Discussion in 'Web & Email' started by Juicinator, Nov 13, 2006.


    Juicinator Thread Starter

    Joined:
    Nov 13, 2006
    Messages:

    1. The offending employee has deleted the history, cookies, and temporary internet files.
    2. The offending employee figured out how to change "Internet Options" settings to retain history for only one day.

    Here is what I have tried:
    1. Contacting my ISP and requesting a full history. Apparently that puts such a strain on their server that they would have to shut down access to many, many customers (in other words, not gonna happen).
    2. downloading a "index.dat viewer," which has helped me to see the one day of history, giving evidence of abuse of the office computer.

    Is there a way I can view more, if not all, history of this computer, short of doing a system restore to an earlier date, or spending $$$ on a computer forensics expert?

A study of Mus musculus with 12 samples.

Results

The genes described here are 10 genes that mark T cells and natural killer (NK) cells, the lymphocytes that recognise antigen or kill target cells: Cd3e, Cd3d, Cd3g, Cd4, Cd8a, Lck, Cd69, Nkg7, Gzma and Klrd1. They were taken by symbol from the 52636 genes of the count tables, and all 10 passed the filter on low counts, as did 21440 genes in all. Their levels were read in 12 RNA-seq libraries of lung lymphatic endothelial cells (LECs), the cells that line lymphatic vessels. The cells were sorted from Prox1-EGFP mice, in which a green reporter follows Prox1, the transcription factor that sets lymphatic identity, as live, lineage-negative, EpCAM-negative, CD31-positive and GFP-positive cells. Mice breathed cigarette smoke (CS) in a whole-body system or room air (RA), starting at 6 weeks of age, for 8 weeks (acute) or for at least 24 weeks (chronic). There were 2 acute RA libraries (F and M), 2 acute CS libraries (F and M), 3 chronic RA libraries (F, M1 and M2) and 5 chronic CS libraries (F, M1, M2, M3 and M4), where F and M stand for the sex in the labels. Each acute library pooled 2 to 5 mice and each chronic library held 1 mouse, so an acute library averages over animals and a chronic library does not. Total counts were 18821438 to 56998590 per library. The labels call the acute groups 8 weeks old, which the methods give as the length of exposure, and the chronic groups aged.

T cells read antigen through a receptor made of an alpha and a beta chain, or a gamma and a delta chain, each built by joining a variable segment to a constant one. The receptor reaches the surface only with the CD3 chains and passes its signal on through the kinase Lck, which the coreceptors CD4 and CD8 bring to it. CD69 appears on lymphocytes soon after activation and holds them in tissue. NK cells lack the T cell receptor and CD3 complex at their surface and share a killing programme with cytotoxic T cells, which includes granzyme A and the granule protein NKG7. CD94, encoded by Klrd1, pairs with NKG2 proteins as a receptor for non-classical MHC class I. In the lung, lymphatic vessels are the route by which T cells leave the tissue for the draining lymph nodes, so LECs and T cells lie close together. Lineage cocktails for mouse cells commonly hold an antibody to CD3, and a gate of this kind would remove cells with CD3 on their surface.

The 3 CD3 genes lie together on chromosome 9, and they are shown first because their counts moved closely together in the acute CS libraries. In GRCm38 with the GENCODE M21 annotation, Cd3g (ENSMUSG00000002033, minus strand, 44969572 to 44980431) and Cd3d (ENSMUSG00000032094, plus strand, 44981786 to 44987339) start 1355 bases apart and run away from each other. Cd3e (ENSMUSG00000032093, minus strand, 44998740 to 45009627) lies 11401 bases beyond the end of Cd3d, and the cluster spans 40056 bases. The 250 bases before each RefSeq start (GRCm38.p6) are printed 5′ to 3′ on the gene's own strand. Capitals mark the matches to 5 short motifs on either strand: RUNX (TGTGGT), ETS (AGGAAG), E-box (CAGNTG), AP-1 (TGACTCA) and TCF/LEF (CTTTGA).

Thank you!
     
  2. TOGG

    TOGG

    Joined:
    Apr 2, 2002
    Messages:
    5,701
    Some detail is supposed to be retained in the Registry in things called 'User Assist Files', however, lots of cleaner programs will delete or clean these (and the index.dat) files.

    See here for info about User Assist Files; http://www.utdallas.edu/~jeremy.bryan.smith/ (click on 'Articles' then on 'Explorer Spy') There is also a small program available called User Assist Spy that is supposed to show the contents of those files, if they are, in fact, present.

    In your situation you might be better looking into keylogging type programs that will record the use made of the computer in question, although I don't know how such programs can 'prove' who the user was at any given period in time.

    I understand that these programs could be illegal in some jurisdictions and the material they produce may not be admissable in evidence for legal purposes.